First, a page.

The effects of the rising foster population are particularly acute for teenagers. A lot of foster parents prefer caring for small children. Very few foster families in Durham—the Department of Social Services estimates there are five—regularly take teenagers. As a result, many teens are moved out of the county, far from any support network they may have and social workers who have to shoulder the extra commute to make sure their placement is safe.
“About one-third of our youth who are in care are thirteen or older, and if they come in at an older age, say sixteen or seventeen, they’re more likely to remain in care longer,” says Danielle Dolinski-Sloan, program coordinator for the DSS’s LINKS program, which helps older foster children prepare to leave the system. This means they may experience more placements, more instability, and, in turn, miss out on important life skills, not to mention quintessential teenage experiences like sleepovers and prom.
Roberto Medina, who entered foster care at age five, says he was moved too many times to count. He’s had placements in Durham, Zebulon, Garner, Roxboro, and Cary.
Moving around like that made it hard to make friends, and nearly jeopardized his high school graduation.
“With school I was social, but not a lot, because I knew I couldn’t stay with those friends forever,” says Medina, who is now nineteen. He never told any of his peers he was in foster care, nor did he tell them he was undocumented and entered foster care when his father was deported.
As a recipient of Deferred Action for Childhood Arrivals, Medina’s situation is unique. He doesn’t qualify for many of the benefits other foster youth receive, and Durham County doesn’t get reimbursed for the costs of his care.
For a little over a year, he’s had a sort of guardianship arrangement with foster parent Steve Combs, who started fostering teenage boys after working as a family court attorney in Wake County, where he saw siblings separated because the younger ones were easier to place.
Combs says fostering teens is just a different experience, more like mentoring. He helps them learn how to drive, budget, navigate adult relationships, and apply for jobs. With that foundation, Medina earned a cooking certificate, got a kitchen job at a convention center, and recently started taking business classes through Wake Tech.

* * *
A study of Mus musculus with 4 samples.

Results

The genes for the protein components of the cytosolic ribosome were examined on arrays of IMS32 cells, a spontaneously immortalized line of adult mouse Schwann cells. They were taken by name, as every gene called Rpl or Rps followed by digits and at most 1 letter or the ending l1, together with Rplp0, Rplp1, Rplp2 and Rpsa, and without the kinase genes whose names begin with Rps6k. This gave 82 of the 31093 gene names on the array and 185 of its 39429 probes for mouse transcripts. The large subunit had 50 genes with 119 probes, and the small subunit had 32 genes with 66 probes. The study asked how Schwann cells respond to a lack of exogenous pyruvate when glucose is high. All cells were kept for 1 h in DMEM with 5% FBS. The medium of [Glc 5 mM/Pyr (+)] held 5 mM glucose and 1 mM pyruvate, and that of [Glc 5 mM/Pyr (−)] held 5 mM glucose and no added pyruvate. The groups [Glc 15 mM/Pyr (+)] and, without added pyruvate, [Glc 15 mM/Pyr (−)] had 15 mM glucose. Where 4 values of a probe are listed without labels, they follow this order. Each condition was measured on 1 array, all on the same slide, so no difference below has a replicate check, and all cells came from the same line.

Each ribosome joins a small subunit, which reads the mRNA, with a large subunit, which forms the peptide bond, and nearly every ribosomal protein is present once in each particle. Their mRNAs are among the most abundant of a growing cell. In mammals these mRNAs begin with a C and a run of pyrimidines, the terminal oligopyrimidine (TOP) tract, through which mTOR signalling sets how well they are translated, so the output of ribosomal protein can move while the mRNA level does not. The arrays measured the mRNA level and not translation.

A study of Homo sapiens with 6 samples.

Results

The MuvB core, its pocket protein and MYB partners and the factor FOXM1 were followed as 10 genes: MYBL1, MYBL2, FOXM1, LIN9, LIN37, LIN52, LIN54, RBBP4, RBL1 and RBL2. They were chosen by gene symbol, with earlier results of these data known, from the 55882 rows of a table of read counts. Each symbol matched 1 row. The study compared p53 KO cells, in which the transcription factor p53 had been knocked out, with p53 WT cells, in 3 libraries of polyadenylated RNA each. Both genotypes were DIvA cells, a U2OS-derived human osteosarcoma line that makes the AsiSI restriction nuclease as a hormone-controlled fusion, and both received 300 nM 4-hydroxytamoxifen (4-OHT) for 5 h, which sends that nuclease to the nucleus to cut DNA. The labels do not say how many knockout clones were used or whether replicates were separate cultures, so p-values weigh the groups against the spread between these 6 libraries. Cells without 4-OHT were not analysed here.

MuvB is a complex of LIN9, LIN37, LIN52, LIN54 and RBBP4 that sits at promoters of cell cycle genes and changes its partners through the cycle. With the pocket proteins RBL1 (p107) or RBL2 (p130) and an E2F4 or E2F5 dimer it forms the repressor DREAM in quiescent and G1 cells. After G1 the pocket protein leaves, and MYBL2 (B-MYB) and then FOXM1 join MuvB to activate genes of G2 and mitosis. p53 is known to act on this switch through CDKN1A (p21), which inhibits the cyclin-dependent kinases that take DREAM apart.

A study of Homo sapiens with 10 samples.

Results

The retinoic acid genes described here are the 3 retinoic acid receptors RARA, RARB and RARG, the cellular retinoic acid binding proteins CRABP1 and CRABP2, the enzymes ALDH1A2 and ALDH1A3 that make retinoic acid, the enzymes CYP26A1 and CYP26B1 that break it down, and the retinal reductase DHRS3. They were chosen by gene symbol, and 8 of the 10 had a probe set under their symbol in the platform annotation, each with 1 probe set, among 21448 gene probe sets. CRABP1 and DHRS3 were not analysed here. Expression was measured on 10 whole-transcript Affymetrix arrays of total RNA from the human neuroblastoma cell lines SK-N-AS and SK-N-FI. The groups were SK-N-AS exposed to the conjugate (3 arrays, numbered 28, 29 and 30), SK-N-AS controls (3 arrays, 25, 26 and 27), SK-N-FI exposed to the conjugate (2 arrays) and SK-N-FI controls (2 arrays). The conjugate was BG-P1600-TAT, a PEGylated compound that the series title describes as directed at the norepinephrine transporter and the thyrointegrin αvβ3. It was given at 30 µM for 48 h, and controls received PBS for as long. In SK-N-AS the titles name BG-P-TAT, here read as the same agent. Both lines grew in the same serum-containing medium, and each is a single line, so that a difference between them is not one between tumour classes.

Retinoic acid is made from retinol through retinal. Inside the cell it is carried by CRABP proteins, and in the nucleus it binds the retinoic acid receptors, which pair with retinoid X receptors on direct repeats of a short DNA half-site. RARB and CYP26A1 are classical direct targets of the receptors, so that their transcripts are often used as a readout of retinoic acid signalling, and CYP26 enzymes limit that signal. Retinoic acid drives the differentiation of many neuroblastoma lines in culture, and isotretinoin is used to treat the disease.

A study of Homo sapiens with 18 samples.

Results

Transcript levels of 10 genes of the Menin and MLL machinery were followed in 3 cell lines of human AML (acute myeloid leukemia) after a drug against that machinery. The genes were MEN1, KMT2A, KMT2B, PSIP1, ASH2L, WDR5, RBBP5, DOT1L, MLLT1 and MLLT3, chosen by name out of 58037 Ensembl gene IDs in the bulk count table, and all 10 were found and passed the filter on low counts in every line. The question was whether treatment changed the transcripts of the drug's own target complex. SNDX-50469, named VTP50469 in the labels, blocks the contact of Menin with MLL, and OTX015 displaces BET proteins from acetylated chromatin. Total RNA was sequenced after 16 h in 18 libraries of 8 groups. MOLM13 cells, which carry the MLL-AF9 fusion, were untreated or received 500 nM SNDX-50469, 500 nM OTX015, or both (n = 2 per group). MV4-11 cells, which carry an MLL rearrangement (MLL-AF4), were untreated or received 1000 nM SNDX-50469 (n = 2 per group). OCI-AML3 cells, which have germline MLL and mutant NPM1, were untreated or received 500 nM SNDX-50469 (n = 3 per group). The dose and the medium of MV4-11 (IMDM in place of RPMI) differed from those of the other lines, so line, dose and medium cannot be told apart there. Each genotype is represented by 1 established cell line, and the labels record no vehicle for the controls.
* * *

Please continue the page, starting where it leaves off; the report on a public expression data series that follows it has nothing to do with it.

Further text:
“The misconception is either the older kids have behavior issues or they’re sixteen, you can’t really teach them that much, so why bother,” says Combs, who recognizes his home is probably the “last stop” before many of the teenagers he fosters are turned out into the adult world.
LINKS and the state’s Foster Care 18 to 21 Program—for those who turn eighteen in foster care—aim to ease that transition. Prior the state’s 2017 rollout of the 18 to 21 Program, the number of foster youth aging out of the system was rising along with the larger population, and legislators wanted young adults exiting the system to have a better shot at success and independence.
“A lot of youth aging out of foster care might not have the support that youth who are not in foster care may have,” says Dolinski-Sloan. “They may not have parental support, financial supports, someone to walk them through the steps of becoming an adult.”
As long as they are enrolled in school, working, or can demonstrate an inability to do either, they can stay with their foster families, live in a group home or dorm, or move out on their own. They continue to receive caseworker services, Medicaid, and access to scholarships, and may collect a stipend for their own care.
At the beginning of September, there were thirty-one individuals eighteen and up in Durham County custody—a number that has steadily grown since the program took effect.
Contact staff writer Sarah Willets by email at firstname.lastname@example.org, by phone at 919-286-1972, or on Twitter @Sarah_Willets.